Melanoma affects younger population, experts say


    Spring break is a time of year when many students enjoy being in the sun, a decision that poses many risks. According to the American Cancer Society, skin cancer is the most common type of cancer accounting for more than 50 percent of all cancers.

    More specifically, the ACS reported that melanoma, which tends to occur at a younger age than most cancers, accounts for more than 4 percent of skin cancer cases and causes the majority of skin cancer deaths.

    Heather Masterson, 33, a former TCU student, was diagnosed with melanoma when she was 24.

    “I think most people have a misconception about skin cancer, and if you have a severe form of skin cancer and don’t find it in time, there is a slim chance that you will live for more than five years,” Masterson said. “My father-in-law died from melanoma, so it is a really serious issue in our family.”

    The ACS recommends using products with an SPF of 15 or more and staying out of the sun from 10 a.m. to 4 p.m..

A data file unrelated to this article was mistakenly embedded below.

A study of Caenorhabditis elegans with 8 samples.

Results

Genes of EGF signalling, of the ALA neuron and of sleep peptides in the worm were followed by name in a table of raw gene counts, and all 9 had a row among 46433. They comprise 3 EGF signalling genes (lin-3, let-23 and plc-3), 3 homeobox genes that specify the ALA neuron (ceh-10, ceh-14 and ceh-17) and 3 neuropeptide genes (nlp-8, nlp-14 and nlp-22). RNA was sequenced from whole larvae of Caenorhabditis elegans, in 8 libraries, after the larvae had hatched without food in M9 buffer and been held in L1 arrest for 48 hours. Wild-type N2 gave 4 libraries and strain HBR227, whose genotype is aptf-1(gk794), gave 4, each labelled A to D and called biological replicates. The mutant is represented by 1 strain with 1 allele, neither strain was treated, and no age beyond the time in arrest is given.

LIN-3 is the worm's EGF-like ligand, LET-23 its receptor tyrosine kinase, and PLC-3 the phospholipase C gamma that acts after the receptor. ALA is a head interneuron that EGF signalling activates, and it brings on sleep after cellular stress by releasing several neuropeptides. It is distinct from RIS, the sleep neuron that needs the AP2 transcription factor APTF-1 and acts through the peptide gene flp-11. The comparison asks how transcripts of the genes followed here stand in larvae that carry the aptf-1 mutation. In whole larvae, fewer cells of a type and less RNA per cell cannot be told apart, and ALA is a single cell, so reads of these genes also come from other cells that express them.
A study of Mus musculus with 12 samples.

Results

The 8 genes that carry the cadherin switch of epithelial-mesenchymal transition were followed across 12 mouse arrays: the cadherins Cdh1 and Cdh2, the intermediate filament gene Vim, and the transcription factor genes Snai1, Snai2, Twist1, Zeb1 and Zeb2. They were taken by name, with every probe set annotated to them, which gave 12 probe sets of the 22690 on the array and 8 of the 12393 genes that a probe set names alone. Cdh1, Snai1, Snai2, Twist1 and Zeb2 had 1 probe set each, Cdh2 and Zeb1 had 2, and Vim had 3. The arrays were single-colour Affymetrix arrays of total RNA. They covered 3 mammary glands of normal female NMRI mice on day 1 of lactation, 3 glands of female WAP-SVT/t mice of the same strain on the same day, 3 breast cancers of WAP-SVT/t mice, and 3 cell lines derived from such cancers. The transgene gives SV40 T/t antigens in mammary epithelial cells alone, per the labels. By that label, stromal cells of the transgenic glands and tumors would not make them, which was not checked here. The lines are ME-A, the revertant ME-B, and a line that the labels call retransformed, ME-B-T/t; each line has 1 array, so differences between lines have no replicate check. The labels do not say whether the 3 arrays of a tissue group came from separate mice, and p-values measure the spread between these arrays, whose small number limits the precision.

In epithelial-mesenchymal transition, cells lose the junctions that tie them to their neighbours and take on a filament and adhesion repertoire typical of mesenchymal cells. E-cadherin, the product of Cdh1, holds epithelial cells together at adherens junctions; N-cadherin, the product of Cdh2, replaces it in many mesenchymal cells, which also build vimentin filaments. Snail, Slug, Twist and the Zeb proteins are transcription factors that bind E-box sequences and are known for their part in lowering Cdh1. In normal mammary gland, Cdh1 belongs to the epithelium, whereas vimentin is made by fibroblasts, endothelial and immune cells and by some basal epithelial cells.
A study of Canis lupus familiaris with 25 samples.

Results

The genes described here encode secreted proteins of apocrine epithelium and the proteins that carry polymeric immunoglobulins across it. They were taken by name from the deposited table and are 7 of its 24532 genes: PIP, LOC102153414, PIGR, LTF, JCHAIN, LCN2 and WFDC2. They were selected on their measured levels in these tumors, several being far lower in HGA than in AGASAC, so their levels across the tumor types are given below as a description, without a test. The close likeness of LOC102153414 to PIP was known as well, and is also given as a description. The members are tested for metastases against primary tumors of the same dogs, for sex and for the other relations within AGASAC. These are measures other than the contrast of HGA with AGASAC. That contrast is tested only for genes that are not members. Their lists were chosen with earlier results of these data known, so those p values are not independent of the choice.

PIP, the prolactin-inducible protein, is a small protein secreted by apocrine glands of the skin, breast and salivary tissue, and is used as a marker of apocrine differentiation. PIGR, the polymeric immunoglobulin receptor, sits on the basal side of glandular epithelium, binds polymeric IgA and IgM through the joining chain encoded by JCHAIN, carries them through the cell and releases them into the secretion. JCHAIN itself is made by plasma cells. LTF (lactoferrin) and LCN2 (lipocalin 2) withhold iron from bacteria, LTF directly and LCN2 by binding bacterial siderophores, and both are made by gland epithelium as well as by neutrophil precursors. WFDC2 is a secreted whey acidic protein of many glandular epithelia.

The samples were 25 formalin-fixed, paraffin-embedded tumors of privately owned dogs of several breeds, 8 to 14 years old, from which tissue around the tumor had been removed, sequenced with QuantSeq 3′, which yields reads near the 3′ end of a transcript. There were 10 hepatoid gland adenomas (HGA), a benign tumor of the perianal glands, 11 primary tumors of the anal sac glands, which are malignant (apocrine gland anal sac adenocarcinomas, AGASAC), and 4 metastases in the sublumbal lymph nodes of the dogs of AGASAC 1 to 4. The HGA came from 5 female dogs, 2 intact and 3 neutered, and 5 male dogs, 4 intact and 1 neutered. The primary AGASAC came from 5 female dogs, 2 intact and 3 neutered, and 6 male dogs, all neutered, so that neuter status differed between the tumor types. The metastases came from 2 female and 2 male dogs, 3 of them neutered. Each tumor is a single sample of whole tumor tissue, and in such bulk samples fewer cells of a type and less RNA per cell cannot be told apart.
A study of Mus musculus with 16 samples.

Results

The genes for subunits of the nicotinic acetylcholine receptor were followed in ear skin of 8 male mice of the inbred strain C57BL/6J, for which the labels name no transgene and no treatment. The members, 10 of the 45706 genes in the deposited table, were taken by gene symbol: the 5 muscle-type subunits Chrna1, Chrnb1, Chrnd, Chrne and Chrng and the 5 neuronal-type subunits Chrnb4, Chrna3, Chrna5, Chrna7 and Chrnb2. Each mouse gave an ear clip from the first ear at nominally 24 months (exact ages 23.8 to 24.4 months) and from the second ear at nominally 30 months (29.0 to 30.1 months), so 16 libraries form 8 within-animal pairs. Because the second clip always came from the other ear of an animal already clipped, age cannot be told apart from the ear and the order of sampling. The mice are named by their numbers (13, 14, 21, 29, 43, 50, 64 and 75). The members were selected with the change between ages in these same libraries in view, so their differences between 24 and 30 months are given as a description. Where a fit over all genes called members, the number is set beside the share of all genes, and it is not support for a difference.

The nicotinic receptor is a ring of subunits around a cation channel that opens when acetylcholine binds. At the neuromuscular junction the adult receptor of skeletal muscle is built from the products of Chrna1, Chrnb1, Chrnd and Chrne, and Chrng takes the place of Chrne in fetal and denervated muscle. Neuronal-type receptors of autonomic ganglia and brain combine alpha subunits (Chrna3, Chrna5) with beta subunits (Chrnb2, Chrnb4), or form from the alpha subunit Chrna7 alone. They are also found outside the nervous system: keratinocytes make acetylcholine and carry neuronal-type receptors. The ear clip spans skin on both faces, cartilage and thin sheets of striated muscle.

Jeff Marcinowski, a senior finance major and member of the golf team said, “It’s just a given that I should always put on sunscreen because I am a golfer and I am in the sun all of the time.”

    According to the ACS, the percentage of melanoma cases among white men and women has decreased from 6 percent to less than 3 percent since 1981, but it recommends that people should have moles that are a suspicious size, shape or color checked immediately.

    Masterson was suspicious about a black spot on her back and sure enough, even though she was only 24, her spot ended up being a malignant melanoma.

    Cynae Johnson, a junior nursing major, said she is aware of the risks of skin cancer and the importance of sun safety.

    “People are ignorant to the effects of the sun, not only how damaging it is to your skin, but how damaging it can be to your entire body,” Johnson said.

    Masterson recommended that everyone have their moles checked annually and should use precautions while in the sun.

    “Going to a dermatologist can save your life and because I was cautious, it saved my life,” Masterson said.